Make your goals specific and measurable

In order for a campaign to be a success, the goals must conform to the seven letter acronym SMARTER. As I discussed in my last post, the acronym stands for Specific, Measurable, Attainable, Relevant, Timely, Evaluate, and Reevaluate. Last time, we represented those goals via demonstration of a real-world case study. This post gives the meanings behind each phrase and puts a more theoretical tone to the elements of SMARTER.

Identify what you can affect to increase traffic – changes to cost per click (CPC), clickthrough rate (CTR) and quality score (QS). Is that enough? You could flood the account with traffic or be strategic about it and look at conversion rate or return on ad spend (ROAS). Tweak your goals and understand what is needed in order to reach your goal. Convince yourself that you can realistically achieve it.

Specific – Look at your data set, and set specific goals driven using insights from your data. Set monthly/quarterly goals, but measure weekly to track revenue increase.

Measurable – Are you tracking and collecting the right data? The best strategy in the world is useless if you don’t know what’s happening. Is the data meaningfully measureable? Failing to accurately and routinely measure can drive a strategy into failure very quickly. Measurements must be performed and recorded routinely and compared in order to know if the strategy is being effective.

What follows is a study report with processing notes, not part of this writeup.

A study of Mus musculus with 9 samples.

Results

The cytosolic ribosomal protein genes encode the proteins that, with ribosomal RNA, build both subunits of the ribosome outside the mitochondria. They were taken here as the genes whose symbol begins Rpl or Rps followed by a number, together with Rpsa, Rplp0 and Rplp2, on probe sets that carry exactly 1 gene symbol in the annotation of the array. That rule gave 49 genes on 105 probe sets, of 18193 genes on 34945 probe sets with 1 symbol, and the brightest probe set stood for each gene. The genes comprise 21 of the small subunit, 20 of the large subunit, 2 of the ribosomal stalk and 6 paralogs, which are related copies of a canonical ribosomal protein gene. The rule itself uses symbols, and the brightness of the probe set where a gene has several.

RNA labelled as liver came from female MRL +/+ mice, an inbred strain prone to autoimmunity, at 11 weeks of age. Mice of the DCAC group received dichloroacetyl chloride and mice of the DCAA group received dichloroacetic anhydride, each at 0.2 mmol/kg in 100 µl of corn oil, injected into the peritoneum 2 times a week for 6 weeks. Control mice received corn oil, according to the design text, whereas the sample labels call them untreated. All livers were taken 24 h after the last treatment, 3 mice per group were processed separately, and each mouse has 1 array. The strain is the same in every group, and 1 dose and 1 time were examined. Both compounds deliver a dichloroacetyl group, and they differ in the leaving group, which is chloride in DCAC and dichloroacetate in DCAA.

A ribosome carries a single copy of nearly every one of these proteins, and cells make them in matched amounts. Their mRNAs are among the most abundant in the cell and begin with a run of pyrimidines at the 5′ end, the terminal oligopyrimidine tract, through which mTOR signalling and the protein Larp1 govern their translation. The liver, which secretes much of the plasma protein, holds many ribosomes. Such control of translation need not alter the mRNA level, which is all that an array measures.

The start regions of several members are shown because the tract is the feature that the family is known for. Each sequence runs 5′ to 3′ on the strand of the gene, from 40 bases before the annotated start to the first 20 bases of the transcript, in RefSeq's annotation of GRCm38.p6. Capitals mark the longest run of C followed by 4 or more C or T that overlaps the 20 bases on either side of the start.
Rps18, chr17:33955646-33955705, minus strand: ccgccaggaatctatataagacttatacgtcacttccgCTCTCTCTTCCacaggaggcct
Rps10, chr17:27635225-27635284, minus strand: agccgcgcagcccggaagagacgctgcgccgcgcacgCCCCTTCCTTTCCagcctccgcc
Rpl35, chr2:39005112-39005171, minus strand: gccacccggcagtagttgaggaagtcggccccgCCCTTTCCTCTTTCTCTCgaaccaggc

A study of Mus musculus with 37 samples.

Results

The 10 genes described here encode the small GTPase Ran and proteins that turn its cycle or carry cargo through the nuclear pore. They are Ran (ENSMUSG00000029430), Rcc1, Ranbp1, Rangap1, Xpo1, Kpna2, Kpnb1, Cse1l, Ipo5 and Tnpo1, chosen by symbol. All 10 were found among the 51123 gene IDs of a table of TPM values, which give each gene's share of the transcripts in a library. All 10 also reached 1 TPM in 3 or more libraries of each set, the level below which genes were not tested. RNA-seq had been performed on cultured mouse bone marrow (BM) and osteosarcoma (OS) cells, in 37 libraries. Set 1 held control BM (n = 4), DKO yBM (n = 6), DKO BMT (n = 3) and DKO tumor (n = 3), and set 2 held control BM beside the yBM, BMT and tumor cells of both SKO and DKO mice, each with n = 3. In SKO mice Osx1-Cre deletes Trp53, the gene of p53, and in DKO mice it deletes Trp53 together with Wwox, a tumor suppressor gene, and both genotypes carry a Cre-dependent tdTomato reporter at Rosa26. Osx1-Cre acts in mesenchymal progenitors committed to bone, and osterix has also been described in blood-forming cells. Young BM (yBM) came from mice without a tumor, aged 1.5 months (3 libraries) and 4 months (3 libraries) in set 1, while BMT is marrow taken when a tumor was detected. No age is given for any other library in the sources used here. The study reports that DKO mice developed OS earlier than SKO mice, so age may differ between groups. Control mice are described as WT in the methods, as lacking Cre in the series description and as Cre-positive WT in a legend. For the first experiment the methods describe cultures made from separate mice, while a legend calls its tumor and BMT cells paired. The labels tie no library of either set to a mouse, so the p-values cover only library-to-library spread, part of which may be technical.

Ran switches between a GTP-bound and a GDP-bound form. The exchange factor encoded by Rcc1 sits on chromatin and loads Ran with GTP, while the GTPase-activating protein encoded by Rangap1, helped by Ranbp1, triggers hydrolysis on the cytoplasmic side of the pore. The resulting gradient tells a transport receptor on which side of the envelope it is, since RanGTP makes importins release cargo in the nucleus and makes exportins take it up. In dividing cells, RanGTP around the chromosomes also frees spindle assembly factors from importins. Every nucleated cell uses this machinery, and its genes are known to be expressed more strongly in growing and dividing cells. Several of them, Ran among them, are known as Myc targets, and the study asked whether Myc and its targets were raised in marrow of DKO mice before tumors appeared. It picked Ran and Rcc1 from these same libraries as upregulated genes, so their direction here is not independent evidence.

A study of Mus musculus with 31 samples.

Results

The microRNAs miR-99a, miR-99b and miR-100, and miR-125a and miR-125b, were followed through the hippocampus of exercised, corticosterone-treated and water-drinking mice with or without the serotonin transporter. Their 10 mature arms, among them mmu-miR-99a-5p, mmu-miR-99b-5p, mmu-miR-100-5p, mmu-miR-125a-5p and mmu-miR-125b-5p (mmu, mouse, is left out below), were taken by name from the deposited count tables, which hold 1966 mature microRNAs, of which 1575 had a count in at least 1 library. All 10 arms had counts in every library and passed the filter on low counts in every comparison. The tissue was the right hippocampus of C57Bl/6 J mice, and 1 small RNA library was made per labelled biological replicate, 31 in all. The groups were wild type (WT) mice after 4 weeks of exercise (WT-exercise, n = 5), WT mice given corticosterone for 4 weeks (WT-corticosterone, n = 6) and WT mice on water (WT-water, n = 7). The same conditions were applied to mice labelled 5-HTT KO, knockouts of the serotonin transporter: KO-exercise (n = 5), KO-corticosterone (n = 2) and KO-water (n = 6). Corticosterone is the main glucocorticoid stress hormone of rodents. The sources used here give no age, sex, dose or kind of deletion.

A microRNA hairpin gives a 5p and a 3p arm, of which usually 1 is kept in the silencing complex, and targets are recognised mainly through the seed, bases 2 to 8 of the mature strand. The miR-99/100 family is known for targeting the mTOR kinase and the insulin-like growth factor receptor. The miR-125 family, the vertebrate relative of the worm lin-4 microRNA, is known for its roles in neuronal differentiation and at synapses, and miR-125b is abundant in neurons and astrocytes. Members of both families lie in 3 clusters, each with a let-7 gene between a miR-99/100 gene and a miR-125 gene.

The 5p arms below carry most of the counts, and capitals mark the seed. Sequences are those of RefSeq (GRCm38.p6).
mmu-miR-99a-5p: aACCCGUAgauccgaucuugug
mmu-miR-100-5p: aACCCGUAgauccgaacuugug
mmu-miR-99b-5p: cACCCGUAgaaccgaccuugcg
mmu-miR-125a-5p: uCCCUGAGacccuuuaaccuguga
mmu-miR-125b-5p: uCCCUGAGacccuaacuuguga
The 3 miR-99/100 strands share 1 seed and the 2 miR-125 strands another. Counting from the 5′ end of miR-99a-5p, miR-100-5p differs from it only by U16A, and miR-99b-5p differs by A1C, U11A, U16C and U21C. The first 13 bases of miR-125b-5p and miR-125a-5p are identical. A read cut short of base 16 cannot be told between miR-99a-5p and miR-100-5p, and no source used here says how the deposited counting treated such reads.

Attainable – The goal must be realistic and attainable. It can be difficult to judge whether a goal is attainable. It’s much easier if instead you consider the actions that must be taken to achieve that goals. Is each of those actions attainable.

Relevant – The goal must be relevant to the overriding strategy. For example, if you have a website that sells widgets, one of your goals should be to sell more widgets (remembering to set a specific number, per the S in this acronym). However, a goal of ensuring that a certain number of people read a particular page of your website would be completely irrelevant if it didn’t lead to more sales. Is the goal relevant?

Timely – It must be possible to achieve the goal within the timeline you have. If there is no time line, you should create one. An open-ended strategy cannot be effectively measured because it has no end. Is the goal timely?

Evaluate – Consider the overriding strategy, the action plan, the processes you have in place, the results you’re achieving, and any external factors that may influence the strategy. Evaluate the goal and take the appropriate actions (i.e. change the strategy based on the information at hand).

Reevaluate – Don’t be afraid to change the strategy once it has been put in play. New information may present itself that needs to be actioned. For example, if you have an e-commerce website, you may realize that you receive more orders at a specific time of day and decide to target your marketing to those hours. It is extremely important to record regular measurements and reevaluate the strategy routinely to ensure that you are achieving a positive ROI and achieving your goals.

Data considerations in the pre-thinking process are just as critical as data collection, integration, and evaluation during the execution phase of marketing campaign management. Then, the post processing data analysis and lessons learned are where the best practices for conducting future campaigns are developed and implemented. This is also where your team becomes the corporate and industry expert in getting results and adding positively to both revenue and profit.